Saturday, August 12, 2006


Conversations overheard:

1: a child and her mother at a pelican crossing:

Mother: Come on, the traffic has stopped. We can cross the road now.

Child: No we can’t, mummy. The green man isn’t flashing yet. You have to wait for the green man. He tells you that it’s safe to cross the road.

2: two friends over coffee

Man: I think my problem is that I go for women who need a father-figure.

Woman: That’s my problem as well, except that I am that woman!

Man: I wonder why?

Woman: Perhaps you need to be needed. You need someone to depend on you because that gives you power.

Man: Which I suppose makes me a sadist. After all, if my power over a woman is derived from her vulnerability and my ability to protect her, it is in my own interests to perpetuate her vulnerability. In fact, I suppose I might even create situations which put her at risk, in order that I can save her.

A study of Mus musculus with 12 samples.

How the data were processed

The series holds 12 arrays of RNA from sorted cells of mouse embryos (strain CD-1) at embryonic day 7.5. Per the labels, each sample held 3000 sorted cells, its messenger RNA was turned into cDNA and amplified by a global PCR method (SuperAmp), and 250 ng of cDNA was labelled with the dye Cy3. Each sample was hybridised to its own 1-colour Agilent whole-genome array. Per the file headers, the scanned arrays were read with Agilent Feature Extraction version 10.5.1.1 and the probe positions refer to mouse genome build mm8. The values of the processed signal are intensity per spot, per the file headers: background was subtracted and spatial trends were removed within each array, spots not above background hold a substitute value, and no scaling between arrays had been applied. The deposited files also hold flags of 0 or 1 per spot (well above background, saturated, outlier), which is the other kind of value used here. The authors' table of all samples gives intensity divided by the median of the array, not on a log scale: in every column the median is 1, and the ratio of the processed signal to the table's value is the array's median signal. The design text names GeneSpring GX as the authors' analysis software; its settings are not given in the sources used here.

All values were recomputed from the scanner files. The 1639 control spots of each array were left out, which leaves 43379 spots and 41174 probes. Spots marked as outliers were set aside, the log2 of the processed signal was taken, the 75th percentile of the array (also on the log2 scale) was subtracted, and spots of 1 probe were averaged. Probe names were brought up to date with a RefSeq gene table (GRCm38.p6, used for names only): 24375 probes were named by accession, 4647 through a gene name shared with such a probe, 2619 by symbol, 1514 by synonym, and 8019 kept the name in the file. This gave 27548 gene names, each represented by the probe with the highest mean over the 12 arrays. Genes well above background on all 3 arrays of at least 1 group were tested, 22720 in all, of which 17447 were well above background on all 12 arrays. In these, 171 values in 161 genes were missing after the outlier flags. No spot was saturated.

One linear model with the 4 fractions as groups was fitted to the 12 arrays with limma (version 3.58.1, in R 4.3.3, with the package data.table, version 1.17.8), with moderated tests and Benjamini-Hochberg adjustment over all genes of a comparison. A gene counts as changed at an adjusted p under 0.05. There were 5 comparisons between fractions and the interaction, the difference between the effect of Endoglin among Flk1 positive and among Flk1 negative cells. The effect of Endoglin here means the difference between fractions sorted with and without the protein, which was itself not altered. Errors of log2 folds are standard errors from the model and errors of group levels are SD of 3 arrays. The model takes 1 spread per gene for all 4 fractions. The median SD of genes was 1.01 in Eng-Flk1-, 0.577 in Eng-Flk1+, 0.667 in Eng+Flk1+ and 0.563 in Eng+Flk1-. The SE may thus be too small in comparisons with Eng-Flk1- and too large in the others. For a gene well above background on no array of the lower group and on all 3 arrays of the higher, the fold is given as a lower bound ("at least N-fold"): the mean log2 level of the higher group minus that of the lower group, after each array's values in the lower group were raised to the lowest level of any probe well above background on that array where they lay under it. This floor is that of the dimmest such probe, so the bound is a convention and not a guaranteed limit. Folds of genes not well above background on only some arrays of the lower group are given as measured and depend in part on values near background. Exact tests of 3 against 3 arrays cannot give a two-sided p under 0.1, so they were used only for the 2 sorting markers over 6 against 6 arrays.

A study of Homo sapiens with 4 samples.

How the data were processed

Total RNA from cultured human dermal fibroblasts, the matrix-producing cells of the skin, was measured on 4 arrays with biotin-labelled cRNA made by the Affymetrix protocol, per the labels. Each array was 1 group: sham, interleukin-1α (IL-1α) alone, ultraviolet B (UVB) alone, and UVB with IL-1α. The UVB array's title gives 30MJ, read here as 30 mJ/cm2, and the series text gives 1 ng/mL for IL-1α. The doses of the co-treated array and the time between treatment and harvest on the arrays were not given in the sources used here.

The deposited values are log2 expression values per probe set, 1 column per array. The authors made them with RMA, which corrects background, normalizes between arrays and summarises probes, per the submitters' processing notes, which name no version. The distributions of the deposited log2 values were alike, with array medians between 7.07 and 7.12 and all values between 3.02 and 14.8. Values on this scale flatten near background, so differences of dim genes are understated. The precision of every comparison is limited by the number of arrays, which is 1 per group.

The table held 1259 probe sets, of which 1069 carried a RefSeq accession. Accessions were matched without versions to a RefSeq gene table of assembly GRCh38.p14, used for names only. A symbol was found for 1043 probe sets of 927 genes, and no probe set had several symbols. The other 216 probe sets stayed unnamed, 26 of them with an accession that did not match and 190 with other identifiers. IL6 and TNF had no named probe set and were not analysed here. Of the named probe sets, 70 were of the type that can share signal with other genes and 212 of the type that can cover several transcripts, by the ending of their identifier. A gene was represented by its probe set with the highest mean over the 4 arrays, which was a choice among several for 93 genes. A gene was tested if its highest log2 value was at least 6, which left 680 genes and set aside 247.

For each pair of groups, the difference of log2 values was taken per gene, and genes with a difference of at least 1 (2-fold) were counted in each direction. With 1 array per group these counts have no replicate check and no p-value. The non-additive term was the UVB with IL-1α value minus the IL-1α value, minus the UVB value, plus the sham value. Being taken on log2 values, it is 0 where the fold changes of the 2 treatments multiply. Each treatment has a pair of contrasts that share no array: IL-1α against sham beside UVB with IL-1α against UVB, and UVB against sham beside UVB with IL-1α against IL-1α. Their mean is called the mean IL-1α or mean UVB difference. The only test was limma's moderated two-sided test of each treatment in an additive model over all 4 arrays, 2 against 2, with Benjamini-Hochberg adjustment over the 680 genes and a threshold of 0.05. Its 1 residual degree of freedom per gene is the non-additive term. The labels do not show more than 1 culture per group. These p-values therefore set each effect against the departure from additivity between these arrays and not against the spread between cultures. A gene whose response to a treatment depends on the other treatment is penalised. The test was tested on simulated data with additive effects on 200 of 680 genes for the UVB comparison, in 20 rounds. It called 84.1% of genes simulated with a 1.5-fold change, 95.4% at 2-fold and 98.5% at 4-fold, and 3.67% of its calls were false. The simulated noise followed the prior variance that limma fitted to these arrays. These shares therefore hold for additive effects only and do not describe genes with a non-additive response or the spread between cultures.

Woman: I think we’ve just diagnosed you as being a very bad man indeed.

Man: And you’re all the more of a fool for falling for it!

David Hume (from A Treatise on Human Nature):

"We have no other notion of cause and effect, but that of certain objects, which have been always conjoin'd [sic] together, and which in all past instances have been found inseparable. We cannot penetrate into the reason of the conjunction. We only observe the thing itself, and always find that from the constant conjunction the objects acquire an union in the imagination."

Of all these analyses of cause-and-effect, I think I would go for the child’s. She has discerned (at an unusually early age: she was no more than five) the implications of signification, a subject which the others discount at their peril.